With concussion awareness spreading, one California high school implements headband sensors that relay information whenever potentially damaging collision occurs.
After testing the technology last academic year, several San Rafael teams will wear Triax Technologies Smart Impact Monitors, beginning in the fall, to monitor and assess head impact during practices and games.
At the foreground of the movement is the Bulldogs' football team, which will be outfitted with the devices on Monday, the first official practice day, and the duration of the season. A couple of football and boys soccer players wore the sensors -- slightly larger than a quarter, nestled in headbands worn underneath players' helmets, last fall. San Rafael is the first school in the Bay Area to adopt the technology.
"Anything we can do to increase safety, I'm all for it," said Ted Cosgriff, San Rafael's first-year football coach. "The two guys on my team who wore it said they never noticed it once the game started."
When any significant force is applied to a player's head, Shana McKeever, San Rafael's head athletic trainer, instantly receives a text message saying which player it was and the linear and rotational forces of the blow. The devices don't prevent injuries, they provide information.
"It tells us the level of contact an athlete is sustaining and whether we have to make adjustments at practice," said Tim Galli, San Rafael's athletic director.
This allows McKeever to pull a player who was struck aside and ask if they're dizzy, have a headache, remember the hit, etc. Immediately treating the blow can lower the potential health risk.
"We want to make sure it's safe for the athlete to return," McKeever said.
The sensors will be worn by the school's soccer, water polo and volleyball teams, based on how many San Rafael can purchase.
"Any sport where there's any kind of significant potential, we want to employ the device," Galli said. "There's no sense putting them on tennis players."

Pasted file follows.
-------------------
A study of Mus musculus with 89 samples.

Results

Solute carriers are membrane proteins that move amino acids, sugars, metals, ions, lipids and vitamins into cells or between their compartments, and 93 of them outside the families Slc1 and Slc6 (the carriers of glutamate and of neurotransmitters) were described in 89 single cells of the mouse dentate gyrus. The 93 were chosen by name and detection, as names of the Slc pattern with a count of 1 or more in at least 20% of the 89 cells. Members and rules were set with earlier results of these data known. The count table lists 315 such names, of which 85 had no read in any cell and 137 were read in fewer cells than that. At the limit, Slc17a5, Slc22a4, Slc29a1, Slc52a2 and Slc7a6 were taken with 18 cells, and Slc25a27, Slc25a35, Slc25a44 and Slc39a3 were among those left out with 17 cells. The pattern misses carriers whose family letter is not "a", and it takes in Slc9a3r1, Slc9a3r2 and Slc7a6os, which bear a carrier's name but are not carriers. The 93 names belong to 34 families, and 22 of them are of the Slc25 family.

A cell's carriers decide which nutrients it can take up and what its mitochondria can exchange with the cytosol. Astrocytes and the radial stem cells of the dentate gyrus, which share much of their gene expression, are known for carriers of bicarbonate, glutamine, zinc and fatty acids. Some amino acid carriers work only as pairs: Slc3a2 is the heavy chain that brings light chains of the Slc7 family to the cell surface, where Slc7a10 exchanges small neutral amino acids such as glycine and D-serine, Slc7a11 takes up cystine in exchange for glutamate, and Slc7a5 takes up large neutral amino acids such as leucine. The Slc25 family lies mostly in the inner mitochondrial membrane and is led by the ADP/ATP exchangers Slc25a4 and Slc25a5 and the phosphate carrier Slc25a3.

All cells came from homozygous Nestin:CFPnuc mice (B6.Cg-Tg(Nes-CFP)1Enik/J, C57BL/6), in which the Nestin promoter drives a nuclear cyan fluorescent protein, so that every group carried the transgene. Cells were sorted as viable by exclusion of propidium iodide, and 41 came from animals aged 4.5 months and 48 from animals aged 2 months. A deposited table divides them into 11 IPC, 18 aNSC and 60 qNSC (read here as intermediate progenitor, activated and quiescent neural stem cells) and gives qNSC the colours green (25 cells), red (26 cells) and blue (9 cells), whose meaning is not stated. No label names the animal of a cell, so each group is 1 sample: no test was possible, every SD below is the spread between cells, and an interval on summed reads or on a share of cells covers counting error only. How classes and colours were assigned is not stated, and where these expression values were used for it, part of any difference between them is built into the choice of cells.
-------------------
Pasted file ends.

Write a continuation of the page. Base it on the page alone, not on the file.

All of the information from the game is logged, so if an athlete tells McKeever he or she has concussion-like symptoms the Monday after a weekend game, she can go back and look.
San Rafael's JV and varsity lacrosse and girls soccer teams wore the headbands in the spring.
"Some athletes didn't care for the headband just because they don't like having something on their head," McKeever said. "But the general consensus was that after a little bit, you don't even notice it's there. It becomes a part of that routine."
Galli said he'd like to see the devices worn by San Rafael wrestlers and even cheerleaders.
The same Triax Technology devices are used in Major League Lacrosse and by Abby Wambach, the decorated women's World-Cup champion.
According to Head Case, a parent-safety resource, 67 percent of concussions in prep sports occur in games. Football sees the most concussions per year, though many studies show soccer is the equivalent on the girls side, with nearly as many. Ice hockey, lacrosse and wrestling follow soccer on the list. Statistics show more prep girls suffer concussions than boys.
Once a high-school player is diagnosed with a concussion, in any sport, he or she must sit out for at least a week.
Galli said contributions to help the school purchase the devices exceeded $5,000 last year. This year's goal is to triple that figure. Donations can be made on the school's website.
"All ADs are always looking for ways to keep their athletes safe," Galli said. "When these kids leave their homes, we have to regard them as our children and do whatever's in their best interest. That means purchasing state-of-the-art protective gear."
While testing the technology last year, no athletes sustained any serious injuries, Galli said.
"Anytime you have useful data and you can look at it and make informed decisions, you're better off at being successful and keeping your athletes as risk-free as possible," Galli said. "Anytime you can reduce risk, I think you want to take a good, hard look at what can do that."
©2015 The Marin Independent Journal (Novato, Calif.) Distributed by Tribune Content Agency, LLC.